Veronika Irvine

Post Doctoral Fellow in Computer Science
University of Waterloo
Waterloo, Canada
Bobbin lace, a 500-year-old art form, features delicate patterns formed by alternating braids.

Veronika is a computer scientist and a lacemaker. She has developed a mathematical model to describe bobbin lace tessellations as a drawing of a 2-regular directed graph on a torus and a mapping from the vertices of the graph to braid words. Based on this model, she has used a combinatorial search to look for new patterns for this fiber art form. Having found millions of matches, she has refined the algorithmic search to look for patterns with specific types of symmetry. In particular, she has sought out symmetries that are relatively rare or unknown in traditional practice such as six and three fold mirrors and rotations.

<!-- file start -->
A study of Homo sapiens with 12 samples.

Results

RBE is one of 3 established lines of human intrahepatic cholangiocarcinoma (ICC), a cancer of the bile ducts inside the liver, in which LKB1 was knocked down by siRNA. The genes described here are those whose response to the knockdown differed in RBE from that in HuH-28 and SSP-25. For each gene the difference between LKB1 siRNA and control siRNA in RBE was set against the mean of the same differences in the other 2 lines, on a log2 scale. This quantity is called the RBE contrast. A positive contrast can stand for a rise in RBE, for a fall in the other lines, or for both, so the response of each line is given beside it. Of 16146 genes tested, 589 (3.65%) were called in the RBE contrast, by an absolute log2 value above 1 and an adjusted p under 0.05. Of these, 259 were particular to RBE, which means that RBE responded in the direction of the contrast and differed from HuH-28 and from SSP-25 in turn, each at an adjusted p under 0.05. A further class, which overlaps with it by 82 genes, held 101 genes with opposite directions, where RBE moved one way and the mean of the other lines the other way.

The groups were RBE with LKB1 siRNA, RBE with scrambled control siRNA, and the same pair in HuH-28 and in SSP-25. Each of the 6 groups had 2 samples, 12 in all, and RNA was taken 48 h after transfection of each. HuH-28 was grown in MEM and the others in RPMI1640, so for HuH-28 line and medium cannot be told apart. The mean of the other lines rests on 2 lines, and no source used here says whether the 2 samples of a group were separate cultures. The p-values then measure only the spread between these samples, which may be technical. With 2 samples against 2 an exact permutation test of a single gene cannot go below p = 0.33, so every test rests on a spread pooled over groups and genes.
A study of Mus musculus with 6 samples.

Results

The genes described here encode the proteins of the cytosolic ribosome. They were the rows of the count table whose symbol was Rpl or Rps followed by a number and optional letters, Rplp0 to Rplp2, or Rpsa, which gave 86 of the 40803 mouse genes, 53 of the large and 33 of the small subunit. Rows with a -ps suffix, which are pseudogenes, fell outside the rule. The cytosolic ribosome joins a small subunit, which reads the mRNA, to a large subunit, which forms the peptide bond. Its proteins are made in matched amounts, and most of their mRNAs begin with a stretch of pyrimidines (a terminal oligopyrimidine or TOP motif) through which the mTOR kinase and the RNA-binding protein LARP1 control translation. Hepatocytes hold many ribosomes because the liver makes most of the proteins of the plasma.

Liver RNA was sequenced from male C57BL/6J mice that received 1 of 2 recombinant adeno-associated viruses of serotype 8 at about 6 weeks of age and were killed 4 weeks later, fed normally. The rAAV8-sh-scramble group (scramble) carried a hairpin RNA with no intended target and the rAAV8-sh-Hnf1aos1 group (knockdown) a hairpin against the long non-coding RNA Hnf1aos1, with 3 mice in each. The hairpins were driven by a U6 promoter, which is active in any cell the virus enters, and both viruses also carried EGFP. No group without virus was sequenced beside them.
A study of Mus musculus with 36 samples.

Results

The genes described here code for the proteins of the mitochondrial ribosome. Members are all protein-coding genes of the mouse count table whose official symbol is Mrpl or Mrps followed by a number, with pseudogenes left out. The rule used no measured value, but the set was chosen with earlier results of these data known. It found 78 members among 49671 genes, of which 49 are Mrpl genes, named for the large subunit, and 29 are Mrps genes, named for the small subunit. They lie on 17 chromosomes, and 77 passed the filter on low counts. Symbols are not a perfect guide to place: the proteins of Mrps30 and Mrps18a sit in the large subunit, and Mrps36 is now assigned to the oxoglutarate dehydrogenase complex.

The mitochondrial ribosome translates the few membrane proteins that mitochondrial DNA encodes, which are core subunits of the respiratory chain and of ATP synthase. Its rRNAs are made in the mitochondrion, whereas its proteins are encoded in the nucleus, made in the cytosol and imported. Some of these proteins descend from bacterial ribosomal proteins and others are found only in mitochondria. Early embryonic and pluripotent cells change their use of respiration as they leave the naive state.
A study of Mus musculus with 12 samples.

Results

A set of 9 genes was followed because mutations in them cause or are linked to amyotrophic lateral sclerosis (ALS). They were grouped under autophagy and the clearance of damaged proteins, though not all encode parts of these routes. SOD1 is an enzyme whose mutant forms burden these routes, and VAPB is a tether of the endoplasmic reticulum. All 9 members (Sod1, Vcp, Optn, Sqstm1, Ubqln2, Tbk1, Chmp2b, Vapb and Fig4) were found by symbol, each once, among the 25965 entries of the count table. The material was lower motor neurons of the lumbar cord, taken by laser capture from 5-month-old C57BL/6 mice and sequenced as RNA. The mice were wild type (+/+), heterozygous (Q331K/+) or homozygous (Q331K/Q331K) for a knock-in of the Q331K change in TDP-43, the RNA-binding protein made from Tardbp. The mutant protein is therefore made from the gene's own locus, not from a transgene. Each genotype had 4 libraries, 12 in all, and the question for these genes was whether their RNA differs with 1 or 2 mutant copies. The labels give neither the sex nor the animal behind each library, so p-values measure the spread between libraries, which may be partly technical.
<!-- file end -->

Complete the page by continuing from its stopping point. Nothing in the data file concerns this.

Delle Caustiche (Sagittarius Star Cloud)
40 x 40 x 40 cm
Cotton thread and copper wire
2017
I used an algorithmic search to find a lace pattern graph with *632 symmetry. This required relaxing the usual monotonic path of threads in a braid while still maintaining the partial order of crossings. A mapping from the vertices of the graph drawing to braid words was chosen resulting in a 2-colour *632/632 symmetry. The pattern, originally on hexagonal grid, was mapped to a disk with the constraint that edge length differences were minimized for each triangle. Three full revolutions of the lace, in cotton thread supported by a copper wire frame, are connected start to end (forms a link from braids) without introducing twists and formed into an undulating shape in 3D inspired by "Three Waves Meeting" (Erik and Martin Demaine, 2009).